Nalo Mitchell's "aha moment," after serving two months as the inaugural executive director of the Springfield and Central Illinois African American History Museum, is the willingness of individuals to share their personal and familial histories, even if they are difficult or emotional, and how it has shaped them as individuals. These stories continually improve and expand her knowledge of the Black experience in central Illinois as Mitchell progresses in her role. "I have been learning as I go and as I grow," said Mitchell.
Interestingly, Mitchell's new role has also expanded her understanding of her own family history and personal story. An exhibition at the museum features Mitchell's family as one of Springfield's first Black families to settle in the area. However, when she took on her current position, a local historian who learned about her connection to Springfield informed her that historical records suggest her relatives were among the victims who lost their homes in the tragic Springfield riots of 1908.
"It's moving and shocking all at the same time, knowing that part of my blood or my lineage actually lost their homes in the 1908 race massacre," expressed Mitchell.
This revelation has fueled her desire to learn more about her family's history and has further strengthened her commitment to serving the community.
"My passion has grown since I have been here," said Mitchell. "There is an indebtedness in my heart to make sure these stories are shared broader than just our museum."
With Mitchell joining the Springfield and Central Illinois African American History Museum and a committed board of directors and community partners, the museum has achieved a trifecta that guarantees a bright future full of potential. Together, they share a passion for the museum's success, ensuring its position in the community as a trusted source for collecting, interpreting and sharing stories that similar institutions and textbooks have neglected.
Additionally, Mitchell is focusing on creating an inclusive and welcoming museum environment that caters to all visitors, regardless of their age, background or abilities. Her priority is ensuring that everyone can access the museum, irrespective of their life's journey. "I want us to be known as a museum accessible for people of all walks of life," said Mitchell. She is working on improving the exhibitions to make them more accessible for those with visual impairments, low literacy skills and anyone who faces any obstacles that may hinder their museum experience.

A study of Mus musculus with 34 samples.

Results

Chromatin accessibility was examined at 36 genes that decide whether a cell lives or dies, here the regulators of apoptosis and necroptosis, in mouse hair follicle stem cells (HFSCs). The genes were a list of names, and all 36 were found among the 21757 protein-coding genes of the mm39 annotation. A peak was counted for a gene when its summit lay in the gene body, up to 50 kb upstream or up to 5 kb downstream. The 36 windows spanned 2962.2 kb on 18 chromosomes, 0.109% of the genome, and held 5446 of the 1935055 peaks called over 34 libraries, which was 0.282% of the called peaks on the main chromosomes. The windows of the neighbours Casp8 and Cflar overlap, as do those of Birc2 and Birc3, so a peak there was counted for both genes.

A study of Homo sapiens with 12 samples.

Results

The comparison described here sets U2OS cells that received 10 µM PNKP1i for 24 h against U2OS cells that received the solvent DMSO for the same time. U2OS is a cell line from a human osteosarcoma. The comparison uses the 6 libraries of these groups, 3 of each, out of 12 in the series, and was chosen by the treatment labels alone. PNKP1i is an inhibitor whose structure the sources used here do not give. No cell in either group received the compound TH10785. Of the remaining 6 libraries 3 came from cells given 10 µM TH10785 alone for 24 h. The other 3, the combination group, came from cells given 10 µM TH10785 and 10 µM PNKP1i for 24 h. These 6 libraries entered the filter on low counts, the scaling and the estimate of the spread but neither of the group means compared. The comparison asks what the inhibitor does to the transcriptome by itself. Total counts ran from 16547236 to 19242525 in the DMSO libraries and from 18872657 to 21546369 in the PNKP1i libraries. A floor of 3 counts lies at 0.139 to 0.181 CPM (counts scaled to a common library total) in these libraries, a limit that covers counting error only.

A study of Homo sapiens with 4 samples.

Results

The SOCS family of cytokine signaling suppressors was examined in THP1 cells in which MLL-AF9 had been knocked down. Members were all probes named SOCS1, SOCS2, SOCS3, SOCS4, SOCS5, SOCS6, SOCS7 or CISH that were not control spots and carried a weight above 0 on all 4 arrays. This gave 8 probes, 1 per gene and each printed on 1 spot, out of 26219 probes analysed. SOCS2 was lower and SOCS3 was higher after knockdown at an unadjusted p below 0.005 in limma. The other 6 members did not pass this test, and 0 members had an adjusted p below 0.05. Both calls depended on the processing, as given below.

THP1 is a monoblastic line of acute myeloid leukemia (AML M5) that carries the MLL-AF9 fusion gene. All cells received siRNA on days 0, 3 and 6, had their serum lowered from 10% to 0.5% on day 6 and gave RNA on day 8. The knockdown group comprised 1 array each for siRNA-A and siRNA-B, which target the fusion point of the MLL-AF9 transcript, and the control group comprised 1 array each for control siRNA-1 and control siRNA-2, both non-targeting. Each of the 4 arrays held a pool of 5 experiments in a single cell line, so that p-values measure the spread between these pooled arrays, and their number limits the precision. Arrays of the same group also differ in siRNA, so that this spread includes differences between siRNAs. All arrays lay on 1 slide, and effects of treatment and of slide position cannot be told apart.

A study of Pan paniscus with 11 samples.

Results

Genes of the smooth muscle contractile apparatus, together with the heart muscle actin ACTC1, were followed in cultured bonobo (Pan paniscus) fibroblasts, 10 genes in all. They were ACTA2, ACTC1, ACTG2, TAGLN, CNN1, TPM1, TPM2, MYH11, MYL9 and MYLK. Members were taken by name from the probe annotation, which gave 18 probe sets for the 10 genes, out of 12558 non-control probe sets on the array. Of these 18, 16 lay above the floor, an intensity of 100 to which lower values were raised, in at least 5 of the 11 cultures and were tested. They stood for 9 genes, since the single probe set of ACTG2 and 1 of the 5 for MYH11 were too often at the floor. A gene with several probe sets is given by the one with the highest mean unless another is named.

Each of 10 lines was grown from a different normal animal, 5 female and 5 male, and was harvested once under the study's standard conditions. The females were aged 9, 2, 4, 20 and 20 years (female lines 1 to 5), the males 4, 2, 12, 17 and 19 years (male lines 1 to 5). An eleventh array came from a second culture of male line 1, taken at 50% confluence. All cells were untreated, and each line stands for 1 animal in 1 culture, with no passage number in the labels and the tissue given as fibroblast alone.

A year from now, one of Mitchell's goals is to have a plan in place to expand the museum's gift shop and "even look into and explore maybe having an online gift shop," said Mitchell.
The Springfield and Central Illinois African American History Museum's board of directors hired Mitchell thanks to a successful award from the Institute of Museum and Library Services grant program called Museum Grants for African American History and Culture. The program's goal is to improve the capacity of African American museums and promote professional development for staff members. Moreover, the new award enables the museum to build a skilled team that can strengthen its operational functions and administrative practices. This, in turn, will put the institution in a place to increase revenue and secure the museum's long-term viability.
According to Mitchell, she has seen an increase in revenue just by making slight modifications to improve communication and remove any ambiguity around funding. "Memberships, grants and donations support our museum," said Mitchell. "We have made some minor adjustments to how we communicate our funding sources to visitors and supporters," said Mitchell.
Moreover, Mitchell invites everyone to visit the Springfield and Central Illinois African American History Museum to meet her in person and learn about the latest news. Currently, the museum is showcasing the first phase of its "Our Footprints, Our Stories" exhibition, which explores the historical journey of African Americans across downstate Illinois. The exhibition showcases the significant influence of African Americans on the region's history and landscape. It features a mix of modern and historical images, including contemporary content that may appeal to younger audiences and helps them see how their footprints impact future generations.
Jamila Wicks has over 20 years of experience working in government and nonprofit organizations, with the last five years focused on arts and cultural institutions. She currently resides in Decatur while working in Springfield.